Your Family Matters

Can you relocate with your child ?

On Behalf of | Feb 15, 2024 | family law

Americans love having the freedom to pick up stakes and move somewhere else for a fresh start. That may be especially true for people in Illinois. A report from last year noted that our state has experienced 10  years in a row of population decline, a change driven chiefly by residents moving to other states.

But if you have a child custody order with another parent, there are important legal limits on your ability to move — especially if you are planning to move with your child.

Request for relocation

Under Illinois law, when one parent wishes to relocate, this represents a “significant change in circumstances” that affects the other parent’s rights. A parent who has the majority of (or an equal amount of) parenting time can seek to relocate with the child.

Note that these restrictions don’t apply to a situation in which a parent wishes to move a short distance across town with their child. To qualify as a relocation, the move must be either out of state or:

  • 25 miles away, if the child currently lives in Will, Lake, Kane, McHenry, DuPage or Cook County.
  • 50 miles away, if the child currently lives outside of one of those six counties in the Chicago metropolitan area.

To relocate with a child, the parent must give written notice to the court and the other parent at least 60 days before the intended move. It’s a good idea to give more notice, if possible. And, if you are on decent terms with the other parent, it’s always best to discuss the matter with them before you begin the legal process.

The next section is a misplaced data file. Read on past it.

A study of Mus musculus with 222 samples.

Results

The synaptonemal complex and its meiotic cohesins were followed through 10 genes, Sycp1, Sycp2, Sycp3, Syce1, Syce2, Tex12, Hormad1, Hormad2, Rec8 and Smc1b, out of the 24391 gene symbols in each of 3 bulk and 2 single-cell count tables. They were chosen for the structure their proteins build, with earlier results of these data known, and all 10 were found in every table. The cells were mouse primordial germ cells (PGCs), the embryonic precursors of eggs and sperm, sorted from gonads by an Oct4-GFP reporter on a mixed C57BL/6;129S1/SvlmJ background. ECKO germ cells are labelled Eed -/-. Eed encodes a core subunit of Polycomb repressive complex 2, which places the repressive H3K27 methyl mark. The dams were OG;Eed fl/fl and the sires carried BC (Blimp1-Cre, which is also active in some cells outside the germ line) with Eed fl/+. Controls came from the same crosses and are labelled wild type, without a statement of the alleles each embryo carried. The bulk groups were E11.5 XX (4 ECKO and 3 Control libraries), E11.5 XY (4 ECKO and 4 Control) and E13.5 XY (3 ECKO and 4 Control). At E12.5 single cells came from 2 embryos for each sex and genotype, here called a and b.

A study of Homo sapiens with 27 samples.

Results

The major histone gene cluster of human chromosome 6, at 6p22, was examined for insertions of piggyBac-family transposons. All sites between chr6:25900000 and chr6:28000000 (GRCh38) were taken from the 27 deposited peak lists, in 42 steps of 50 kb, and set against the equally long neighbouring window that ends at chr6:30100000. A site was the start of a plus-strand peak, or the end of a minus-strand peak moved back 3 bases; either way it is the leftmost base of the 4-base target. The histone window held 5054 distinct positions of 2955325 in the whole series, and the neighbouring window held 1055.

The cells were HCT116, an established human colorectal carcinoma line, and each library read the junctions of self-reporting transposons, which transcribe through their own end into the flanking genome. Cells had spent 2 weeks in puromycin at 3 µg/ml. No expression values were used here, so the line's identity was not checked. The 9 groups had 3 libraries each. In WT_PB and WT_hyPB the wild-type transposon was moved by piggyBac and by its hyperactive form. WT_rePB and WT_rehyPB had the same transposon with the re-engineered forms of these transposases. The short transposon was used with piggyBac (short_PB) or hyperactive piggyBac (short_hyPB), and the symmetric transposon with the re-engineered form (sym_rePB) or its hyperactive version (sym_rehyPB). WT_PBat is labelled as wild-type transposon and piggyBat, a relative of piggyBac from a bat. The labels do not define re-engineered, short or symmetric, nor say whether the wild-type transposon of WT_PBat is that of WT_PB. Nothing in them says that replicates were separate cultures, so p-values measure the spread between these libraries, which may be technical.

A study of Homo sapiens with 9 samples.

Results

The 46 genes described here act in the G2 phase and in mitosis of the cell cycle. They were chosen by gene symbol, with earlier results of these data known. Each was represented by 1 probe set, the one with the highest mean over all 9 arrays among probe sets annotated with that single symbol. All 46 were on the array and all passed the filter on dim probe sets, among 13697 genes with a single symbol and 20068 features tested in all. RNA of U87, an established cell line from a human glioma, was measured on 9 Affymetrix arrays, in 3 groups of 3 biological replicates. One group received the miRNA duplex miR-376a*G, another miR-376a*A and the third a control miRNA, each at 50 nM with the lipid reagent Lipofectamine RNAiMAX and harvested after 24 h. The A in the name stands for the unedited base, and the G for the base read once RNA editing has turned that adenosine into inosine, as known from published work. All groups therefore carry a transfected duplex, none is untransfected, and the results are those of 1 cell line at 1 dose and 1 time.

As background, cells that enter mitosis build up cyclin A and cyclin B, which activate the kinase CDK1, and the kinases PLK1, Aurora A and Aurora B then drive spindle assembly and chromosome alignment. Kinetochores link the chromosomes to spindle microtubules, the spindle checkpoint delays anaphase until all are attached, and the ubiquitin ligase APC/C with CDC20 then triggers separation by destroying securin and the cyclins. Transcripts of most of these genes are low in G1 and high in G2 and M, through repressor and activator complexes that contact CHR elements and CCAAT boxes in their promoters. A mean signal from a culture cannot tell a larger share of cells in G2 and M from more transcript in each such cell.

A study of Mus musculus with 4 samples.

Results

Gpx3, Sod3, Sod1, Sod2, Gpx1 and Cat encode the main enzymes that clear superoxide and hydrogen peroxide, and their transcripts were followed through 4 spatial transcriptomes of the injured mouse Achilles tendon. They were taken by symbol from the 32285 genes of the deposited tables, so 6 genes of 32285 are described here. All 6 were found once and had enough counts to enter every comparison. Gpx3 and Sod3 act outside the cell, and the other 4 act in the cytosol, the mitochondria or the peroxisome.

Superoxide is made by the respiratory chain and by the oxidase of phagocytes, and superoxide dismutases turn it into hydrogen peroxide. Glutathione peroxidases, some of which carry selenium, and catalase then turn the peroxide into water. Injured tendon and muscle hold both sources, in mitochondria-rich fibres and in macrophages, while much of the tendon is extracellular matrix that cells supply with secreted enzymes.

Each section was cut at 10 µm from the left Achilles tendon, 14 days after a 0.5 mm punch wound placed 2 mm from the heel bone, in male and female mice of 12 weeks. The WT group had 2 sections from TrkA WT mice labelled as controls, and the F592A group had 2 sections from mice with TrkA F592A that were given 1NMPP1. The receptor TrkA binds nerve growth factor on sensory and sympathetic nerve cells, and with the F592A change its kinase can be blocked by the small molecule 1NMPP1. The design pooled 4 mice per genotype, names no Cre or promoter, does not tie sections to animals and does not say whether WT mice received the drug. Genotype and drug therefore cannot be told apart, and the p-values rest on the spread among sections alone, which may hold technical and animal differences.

If the other parent does not object to your request, they sign the notice. Once you have filed the signed notice with the court, you’re free to move. However, if the other parent refuses to sign or objects to the move, you must file a petition to relocate with the court.

Best interest of the child

If you have filed a petition to relocate, the court holds a hearing. Typically, both parents attend the hearing to argue their cases. The court makes a decision based on whether it determines the move is in the best interest of the child.

In doing so, the court looks at a number of factors, including your reasons for wanting to move, the impact it will have on the child and, if the child is old enough, the child’s wishes.

Note that in situations involving domestic violence, the parent may be able to move without going through all these steps.